Work related injuries can come in many forms, and one that many people fail to recognize is Post Traumatic Stress Disorder (PTSD). This crippling disorder can wreck havoc on both your work and home life, and you should know that you may be eligible to collect workers' comp benefits if you are suffering from this emotional disease. If you have either witnessed or been involved in a traumatic event at work, you may need to ensure that you have done everything possible to prove your disorder to your employer's workers' comp insurance company. Read on to learn more about this disorder and how to ensure that you get the compensation that you need and deserve.
What is Post Traumatic Stress Disorder?
The Diagnostic and Statistical Manual of Mental Disorders (DSM-5) classifies PTSD as a mental disorder, which means that workers' comp recognizes this condition as an allowable mental disorder for benefit purposes. Anyone who witnessed a horrific event at work and who suffers from depression, anxiety, eating disorders, uncontrolled bouts of anger, sleeping problems, mood swings and more, may have a valid claim for compensation. The hallmark symptom of PTSD is flashbacks, where you are seemingly forced to relive the traumatic event over and over when stressed or in dreams.
How PTSD Can Affect Your Work
This debilitating disorder is well-publicized for affecting soldiers who have been exposed to horrific war-related events, but actually this condition can affect almost anyone. Many civilian occupations present the potential to witness or be involved in traumatic incidents, such as the following:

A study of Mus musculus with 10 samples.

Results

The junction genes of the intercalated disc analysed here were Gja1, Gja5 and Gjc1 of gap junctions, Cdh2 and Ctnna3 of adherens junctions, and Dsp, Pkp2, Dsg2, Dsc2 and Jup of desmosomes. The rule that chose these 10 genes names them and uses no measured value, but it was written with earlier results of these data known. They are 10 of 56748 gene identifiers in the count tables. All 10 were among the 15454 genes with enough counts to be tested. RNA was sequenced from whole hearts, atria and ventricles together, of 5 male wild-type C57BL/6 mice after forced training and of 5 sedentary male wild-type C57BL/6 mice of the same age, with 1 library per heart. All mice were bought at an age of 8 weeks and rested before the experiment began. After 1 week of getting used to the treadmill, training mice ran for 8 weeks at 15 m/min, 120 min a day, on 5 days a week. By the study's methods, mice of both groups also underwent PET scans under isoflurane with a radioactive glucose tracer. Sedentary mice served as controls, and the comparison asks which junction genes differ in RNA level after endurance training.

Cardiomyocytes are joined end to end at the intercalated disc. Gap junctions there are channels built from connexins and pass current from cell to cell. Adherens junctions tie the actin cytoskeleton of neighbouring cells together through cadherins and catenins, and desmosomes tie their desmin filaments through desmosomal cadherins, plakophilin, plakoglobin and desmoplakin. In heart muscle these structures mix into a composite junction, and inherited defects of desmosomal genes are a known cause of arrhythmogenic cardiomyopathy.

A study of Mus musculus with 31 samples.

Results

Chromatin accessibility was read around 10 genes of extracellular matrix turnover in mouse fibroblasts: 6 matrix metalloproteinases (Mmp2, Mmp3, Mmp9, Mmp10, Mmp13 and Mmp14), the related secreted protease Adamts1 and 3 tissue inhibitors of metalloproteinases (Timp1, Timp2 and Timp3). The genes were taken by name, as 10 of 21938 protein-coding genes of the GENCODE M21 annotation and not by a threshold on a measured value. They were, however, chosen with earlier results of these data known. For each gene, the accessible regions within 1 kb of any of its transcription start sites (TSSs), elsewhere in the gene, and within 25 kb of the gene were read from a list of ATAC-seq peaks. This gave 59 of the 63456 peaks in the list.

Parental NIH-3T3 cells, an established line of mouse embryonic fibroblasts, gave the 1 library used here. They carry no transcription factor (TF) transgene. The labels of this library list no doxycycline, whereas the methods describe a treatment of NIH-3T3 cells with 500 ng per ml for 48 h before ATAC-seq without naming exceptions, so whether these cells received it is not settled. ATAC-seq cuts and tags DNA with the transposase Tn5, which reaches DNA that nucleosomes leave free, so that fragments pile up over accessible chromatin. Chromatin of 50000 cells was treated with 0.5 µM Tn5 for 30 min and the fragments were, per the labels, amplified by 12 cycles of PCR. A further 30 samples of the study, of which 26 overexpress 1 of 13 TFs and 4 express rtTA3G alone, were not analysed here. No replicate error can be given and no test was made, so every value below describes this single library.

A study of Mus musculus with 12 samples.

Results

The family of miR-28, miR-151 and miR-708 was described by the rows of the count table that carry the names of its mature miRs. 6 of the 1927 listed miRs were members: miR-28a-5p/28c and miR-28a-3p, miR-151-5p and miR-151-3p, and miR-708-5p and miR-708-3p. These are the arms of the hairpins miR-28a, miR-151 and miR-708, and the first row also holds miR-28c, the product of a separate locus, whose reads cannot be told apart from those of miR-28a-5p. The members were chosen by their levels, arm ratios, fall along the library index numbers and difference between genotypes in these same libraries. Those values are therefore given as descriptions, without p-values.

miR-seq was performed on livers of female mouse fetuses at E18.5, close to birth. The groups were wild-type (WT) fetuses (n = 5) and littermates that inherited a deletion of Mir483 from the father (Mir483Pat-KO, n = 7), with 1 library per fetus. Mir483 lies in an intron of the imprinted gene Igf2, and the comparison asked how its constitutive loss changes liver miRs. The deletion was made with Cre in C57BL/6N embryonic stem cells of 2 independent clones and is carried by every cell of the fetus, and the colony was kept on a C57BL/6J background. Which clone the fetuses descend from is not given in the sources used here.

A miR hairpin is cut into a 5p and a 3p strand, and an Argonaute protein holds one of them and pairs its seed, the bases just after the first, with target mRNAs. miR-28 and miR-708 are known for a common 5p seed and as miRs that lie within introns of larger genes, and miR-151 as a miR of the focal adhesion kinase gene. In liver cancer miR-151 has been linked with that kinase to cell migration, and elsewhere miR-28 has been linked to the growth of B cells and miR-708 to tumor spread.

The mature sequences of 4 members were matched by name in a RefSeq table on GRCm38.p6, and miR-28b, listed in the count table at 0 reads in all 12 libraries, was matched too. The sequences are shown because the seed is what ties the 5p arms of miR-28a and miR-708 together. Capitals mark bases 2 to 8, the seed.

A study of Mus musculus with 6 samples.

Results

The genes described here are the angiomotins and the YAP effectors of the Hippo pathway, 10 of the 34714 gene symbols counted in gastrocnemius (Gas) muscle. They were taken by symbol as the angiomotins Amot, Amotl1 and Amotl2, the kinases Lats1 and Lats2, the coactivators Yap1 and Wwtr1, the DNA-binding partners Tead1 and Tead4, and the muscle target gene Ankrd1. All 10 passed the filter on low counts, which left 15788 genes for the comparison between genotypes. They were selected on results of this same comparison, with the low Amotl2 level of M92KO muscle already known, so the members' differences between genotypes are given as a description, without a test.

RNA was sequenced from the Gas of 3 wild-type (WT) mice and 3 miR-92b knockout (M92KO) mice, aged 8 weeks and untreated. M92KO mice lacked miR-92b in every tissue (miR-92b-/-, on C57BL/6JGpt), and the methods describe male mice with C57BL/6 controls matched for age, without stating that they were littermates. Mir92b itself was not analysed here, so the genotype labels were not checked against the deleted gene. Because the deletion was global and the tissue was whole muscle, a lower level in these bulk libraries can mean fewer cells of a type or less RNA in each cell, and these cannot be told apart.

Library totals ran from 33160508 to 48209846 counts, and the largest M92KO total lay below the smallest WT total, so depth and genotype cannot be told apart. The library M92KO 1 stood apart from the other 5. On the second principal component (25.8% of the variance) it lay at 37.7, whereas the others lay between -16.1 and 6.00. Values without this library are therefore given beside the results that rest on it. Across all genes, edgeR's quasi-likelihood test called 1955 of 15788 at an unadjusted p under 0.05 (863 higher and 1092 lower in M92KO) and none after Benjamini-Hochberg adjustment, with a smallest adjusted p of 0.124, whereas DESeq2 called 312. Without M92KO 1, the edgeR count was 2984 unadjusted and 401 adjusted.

- First responders, like police, fire and emergency medical personnel who witness an especially gruesome or violent scene.
- Bank employees involved in a robbery.
- An office worker raped in the parking garage.
Getting Your Claim Approved
You may face increased scrutiny when filing for workers' comp for mental disorders like PTSD. Unlike a physical injury, there are fewer methods of evaluating the existence or seriousness of this disorder. To give your claim a better chance, you need to prove that this disorder has affected you so severely that you are unable to do your job anymore. Make sure that you do the following:
1. As soon as you begin experiencing abnormal feelings about a traumatic event, let your supervisor know and follow up with a workers' comp claim form. Keep in mind that this disorder sometimes takes weeks or months to manifest itself, so don't hesitate to take action, regardless of the time line.
2. Seek immediate treatment from a mental health professional and be sure to follow all prescribed treatments and take any prescribed medications. Don't miss any appointments or fail to follow through with your mental health treatments, since this could be perceived by the workers' comp insurance company as a lack of severity for your condition.
3. Be prepared to match your condition symptoms with work tasks. For example, you may be experiencing anxiety about doing certain required tasks to the point that you are unable to safely and effectively complete the work.
If you feel that your claim is not getting the attention that it deserves by the workers' comp insurance company, you may need to get a legal professional, like one from Hamilton Law Firm, P.C., on your side. Contact a workers' comp attorney and let someone else assume that heavy burden of proving your PTSD.